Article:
In the marketing world, the Holy Grail is when your brand name gets so popular it turns into the generic name for a product. A famous example: “Kleenex,” which became the generic term for any kind of a paper tissue. Today, almost everyone who searches the Web says “I’ll Google that.” You can’t buy that kind of brand equity.
That’s a real victory for Google, but it isn’t necessarily a good thing for you. There are search alternatives. Microsoft’s Bing, for example.
Why should you care? Two reasons: One, Bing has improved a lot in recent days and actually has some features you might like, and; two, competition in the marketplace is a very good thing. It keeps companies on their toes and makes them quicker to improve products. As Microsoft’s antics proved back in the 1990s, and as some of Google’s recent privacy peccadilloes show, when one player gets too big and too dominant, abuses often follow.
I write frequently about tweaks and improvements to Google’s search engine, and I rarely knock it. But Bing made some notable improvements lately, and I’m impressed.
First of all, the Bing home page is beautiful. It has a large colorful photo that occasionally changes, a photo gallery linking to trending searches, and a “search history” feature that shows your most recent queries along with links to a whole page of recent searches. And you can quickly can clear your search history or tell Bing not to keep it at all.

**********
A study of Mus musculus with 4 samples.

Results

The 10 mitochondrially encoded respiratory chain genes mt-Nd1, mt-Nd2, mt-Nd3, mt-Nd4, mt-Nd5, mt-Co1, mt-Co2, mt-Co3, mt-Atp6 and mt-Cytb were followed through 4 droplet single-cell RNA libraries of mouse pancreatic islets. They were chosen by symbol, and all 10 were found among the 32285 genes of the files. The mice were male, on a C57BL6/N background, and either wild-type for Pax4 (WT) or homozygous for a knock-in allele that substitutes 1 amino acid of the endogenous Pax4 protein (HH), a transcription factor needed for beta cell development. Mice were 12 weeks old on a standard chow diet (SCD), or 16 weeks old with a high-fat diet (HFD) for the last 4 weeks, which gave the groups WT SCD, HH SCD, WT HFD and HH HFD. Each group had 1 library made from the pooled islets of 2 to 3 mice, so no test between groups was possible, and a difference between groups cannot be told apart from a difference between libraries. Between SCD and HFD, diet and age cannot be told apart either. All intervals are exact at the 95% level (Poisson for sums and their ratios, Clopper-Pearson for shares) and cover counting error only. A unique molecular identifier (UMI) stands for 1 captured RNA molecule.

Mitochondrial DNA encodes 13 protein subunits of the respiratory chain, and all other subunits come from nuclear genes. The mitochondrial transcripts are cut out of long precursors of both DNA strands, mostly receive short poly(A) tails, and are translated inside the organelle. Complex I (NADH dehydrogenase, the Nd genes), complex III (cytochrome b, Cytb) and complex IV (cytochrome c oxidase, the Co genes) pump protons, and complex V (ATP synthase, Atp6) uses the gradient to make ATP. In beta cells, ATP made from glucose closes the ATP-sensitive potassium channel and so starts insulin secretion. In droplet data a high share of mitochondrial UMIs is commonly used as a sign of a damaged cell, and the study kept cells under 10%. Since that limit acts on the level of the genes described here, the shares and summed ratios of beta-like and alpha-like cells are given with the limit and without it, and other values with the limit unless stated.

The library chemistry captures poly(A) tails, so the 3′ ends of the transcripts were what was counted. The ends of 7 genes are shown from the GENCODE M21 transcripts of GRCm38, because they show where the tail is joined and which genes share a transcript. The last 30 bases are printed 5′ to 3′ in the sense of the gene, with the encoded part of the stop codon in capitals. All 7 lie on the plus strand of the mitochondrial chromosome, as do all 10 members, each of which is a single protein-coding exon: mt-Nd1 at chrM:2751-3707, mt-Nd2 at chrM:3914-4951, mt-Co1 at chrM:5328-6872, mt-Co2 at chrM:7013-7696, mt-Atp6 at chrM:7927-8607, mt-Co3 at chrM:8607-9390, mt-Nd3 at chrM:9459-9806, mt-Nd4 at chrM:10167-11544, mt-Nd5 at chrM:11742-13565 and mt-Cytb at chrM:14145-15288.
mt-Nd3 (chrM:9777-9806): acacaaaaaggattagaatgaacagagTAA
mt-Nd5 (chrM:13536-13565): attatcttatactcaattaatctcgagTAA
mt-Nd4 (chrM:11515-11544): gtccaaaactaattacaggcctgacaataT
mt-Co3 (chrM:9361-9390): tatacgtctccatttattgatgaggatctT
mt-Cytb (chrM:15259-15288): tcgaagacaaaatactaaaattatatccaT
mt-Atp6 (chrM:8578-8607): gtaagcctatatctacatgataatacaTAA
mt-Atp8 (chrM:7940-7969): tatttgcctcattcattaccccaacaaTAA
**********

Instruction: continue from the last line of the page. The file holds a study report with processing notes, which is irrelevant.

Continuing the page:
A new feature you see on the home page, called Page Zero, attempts to resolve a query while you’re typing it, by displaying links, information and actions on the fly before the results appear. I tested this by doing a search for “San Francisco Giants” and got this result:
Pole Position comes into play when the search engine is confident it knows what you’re looking for. When it does, a large answer with extra information appears across the top of the page. For example, if you search for “San Francisco weather,” Bing shows a graphical weather forecast.
Google search often returns a result that looks about the same as Pole Position but Page Zero is – for now — unique to Bing. I say for now, because both companies enhance their search engines frequently and rollout updates as they’re ready.
In fact, some of Bing’s new features don’t always appear immediately, a sign that Microsoft is still testing them on a subset of users.
Finally, there’s a Bing feature that’s been around for a while, you may not have noticed and if you blog or otherwise use images from the Web, it’s very useful. When you do a search in Bing images, you see a heading called “License.” The drop-down menu lets you choose from images that are in the public domain, free to use, restricted and so on. It’s a feature that could keep you out of a serious trouble with an angry publisher.
Bing isn’t going to catch up with Google anytime soon, but all in all, it offers a lot to like. At the very least, give it a try.
San Francisco journalist Bill Snyder writes frequently about business and technology. His work appears regularly in CIO.com and the publications of Stanford's Graduate School of Business and the Haas School of Business at the University of California at Berkeley. He welcomes your comments and suggestions.